Ranchers who have grazed rangelands for decades say proper grazing reduces the potential fuel load for a wildfire. But anti-grazing interests continue to push for a reduction or elimination of livestock on public lands. In fact, anti-grazing groups are cheering a recent study entitled “Climate Change Increases Stress, Need for Restoration on Grazed Public Lands.”

Published recently in the Journal of Environmental Management, the report claims that climate change justifies a drastic reduction or elimination of livestock grazing in the interest of range health. The study’s authors say cattle compact soils, impact riparian areas, cause erosion and degrade habitat. The study contains no new research; it simply cites earlier data and claims a fresh perspective by factoring in climate change.

Other range scientists are skeptical about the study results, pointing to use of old data and the failure to acknowledge differences between today’s grazing methods and those of the early 20th century. The Public Lands Council (PLC) says the paper’s conclusions are based on speculation, not facts.

Meanwhile, ranchers and range scientists are trying to educate the public about the importance of grazing – especially in dry years – to reduce wildfire risk. Wildfires damage watersheds, soil, wildlife habitat and rangeland ecology (and threaten private property), much more than livestock ever could, they say.

The Idaho Cattle Association hosted a discussion on grazing and wildfire trends during its annual convention last November. Many panel members cited cheat grass as a primary factor in fires in Idaho, Nevada and Oregon. This invasive exotic annual is the chief fuel for range fires, especially in areas where grazing has been reduced or eliminated.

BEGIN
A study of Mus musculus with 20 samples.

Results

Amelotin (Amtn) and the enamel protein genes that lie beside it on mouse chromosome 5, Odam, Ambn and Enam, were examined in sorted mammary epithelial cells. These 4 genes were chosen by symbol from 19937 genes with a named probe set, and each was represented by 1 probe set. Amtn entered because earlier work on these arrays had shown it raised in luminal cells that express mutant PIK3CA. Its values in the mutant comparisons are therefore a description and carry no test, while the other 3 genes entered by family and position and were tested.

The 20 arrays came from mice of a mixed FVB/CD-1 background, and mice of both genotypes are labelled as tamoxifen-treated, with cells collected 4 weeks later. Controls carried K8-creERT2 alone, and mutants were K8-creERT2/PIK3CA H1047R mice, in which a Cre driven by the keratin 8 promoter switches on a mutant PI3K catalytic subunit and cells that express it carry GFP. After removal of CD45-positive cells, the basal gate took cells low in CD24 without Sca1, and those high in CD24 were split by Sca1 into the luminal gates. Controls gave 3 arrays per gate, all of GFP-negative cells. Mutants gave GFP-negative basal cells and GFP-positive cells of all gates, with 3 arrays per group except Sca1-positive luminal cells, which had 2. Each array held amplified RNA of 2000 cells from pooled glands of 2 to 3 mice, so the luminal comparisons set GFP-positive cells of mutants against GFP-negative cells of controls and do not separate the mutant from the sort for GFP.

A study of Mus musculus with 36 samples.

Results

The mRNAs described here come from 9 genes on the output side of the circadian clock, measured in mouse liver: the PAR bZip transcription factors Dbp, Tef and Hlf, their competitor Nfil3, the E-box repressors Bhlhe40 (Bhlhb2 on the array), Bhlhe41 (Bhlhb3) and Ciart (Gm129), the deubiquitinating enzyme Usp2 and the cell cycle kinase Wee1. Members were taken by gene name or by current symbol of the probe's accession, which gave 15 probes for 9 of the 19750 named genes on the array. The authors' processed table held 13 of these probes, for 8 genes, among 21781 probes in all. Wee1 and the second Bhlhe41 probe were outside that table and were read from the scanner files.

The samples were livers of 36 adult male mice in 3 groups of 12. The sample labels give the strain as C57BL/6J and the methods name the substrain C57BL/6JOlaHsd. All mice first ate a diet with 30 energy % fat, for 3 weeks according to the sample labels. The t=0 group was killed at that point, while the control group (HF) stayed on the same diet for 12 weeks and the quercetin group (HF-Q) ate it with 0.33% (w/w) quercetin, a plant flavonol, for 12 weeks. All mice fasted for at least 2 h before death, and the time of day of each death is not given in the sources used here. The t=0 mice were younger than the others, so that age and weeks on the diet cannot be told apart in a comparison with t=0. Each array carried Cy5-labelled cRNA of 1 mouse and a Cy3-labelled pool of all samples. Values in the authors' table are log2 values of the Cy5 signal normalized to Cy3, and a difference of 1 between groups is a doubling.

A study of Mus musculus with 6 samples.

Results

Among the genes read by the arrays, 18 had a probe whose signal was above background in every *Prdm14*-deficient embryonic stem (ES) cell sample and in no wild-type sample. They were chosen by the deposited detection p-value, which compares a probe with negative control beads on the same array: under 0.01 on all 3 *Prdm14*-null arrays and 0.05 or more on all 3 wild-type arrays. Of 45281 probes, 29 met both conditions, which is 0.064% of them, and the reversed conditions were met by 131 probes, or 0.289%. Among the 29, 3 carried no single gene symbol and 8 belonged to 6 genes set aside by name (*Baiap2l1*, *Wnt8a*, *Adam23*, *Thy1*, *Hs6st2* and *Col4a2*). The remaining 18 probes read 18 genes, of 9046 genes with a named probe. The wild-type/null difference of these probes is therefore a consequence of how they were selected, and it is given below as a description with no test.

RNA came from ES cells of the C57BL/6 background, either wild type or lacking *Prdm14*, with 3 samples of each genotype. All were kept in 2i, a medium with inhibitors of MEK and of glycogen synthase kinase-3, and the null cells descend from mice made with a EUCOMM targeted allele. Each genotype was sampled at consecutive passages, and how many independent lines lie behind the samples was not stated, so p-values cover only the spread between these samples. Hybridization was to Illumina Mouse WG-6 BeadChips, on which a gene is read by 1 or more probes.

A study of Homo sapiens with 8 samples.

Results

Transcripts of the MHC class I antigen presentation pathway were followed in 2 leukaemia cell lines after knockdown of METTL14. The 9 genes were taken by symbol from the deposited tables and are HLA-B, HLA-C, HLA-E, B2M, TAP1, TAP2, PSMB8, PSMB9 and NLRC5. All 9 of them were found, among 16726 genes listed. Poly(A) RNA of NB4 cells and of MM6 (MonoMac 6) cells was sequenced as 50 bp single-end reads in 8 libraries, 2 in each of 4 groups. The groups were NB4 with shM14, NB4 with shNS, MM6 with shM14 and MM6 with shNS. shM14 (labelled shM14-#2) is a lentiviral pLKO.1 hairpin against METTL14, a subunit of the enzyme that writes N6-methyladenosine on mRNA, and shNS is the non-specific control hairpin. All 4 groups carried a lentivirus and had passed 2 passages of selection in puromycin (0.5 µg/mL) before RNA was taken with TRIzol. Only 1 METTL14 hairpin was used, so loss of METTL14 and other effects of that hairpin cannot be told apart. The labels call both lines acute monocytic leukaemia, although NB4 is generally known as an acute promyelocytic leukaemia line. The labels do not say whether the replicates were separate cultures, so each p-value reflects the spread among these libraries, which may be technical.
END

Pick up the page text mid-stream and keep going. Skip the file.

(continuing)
Some points made by speakers included:

  • Karen Launchbaugh, University of Idaho, says early spring grazing reduces cheat grass, thus removing fuel for wildfires.
  • Barry Perryman, University of Nevada-Reno, refuted the idea that cattle won’t eat dry cheat grass; in fact, cattle can maintain weight and body condition on cheat grass. Plus, fall grazing helps maintain the health of native perennials, which burn less readily than cheat grass.
  • Range consultant Greg Simonds says a study of grazing’s effect on fire was conducted at Squaw Valley Ranch in Nevada. It showed grazed range is much less volatile when exposed to fire conditions.

Speakers also pointed out that many problems western ranchers face today stem from interpretations of the Endangered Species Act (ESA) and the constraints exerted by National Environmental Policy Act (NEPA) on government agencies’ ability to properly manage federal lands. Sage grouse are a prime issue. Fire is the biggest threat to them, not livestock, yet government policy will restrict or eliminate grazing in sage grouse areas if the bird is listed as endangered. This will lead to more wildfires.

PLC hopes Congress will streamline NEPA and ESA procedures and reintroduce the Catastrophic Fire Protection Act, which proposes better coordination between state/local firefighters and federal policymaking forces.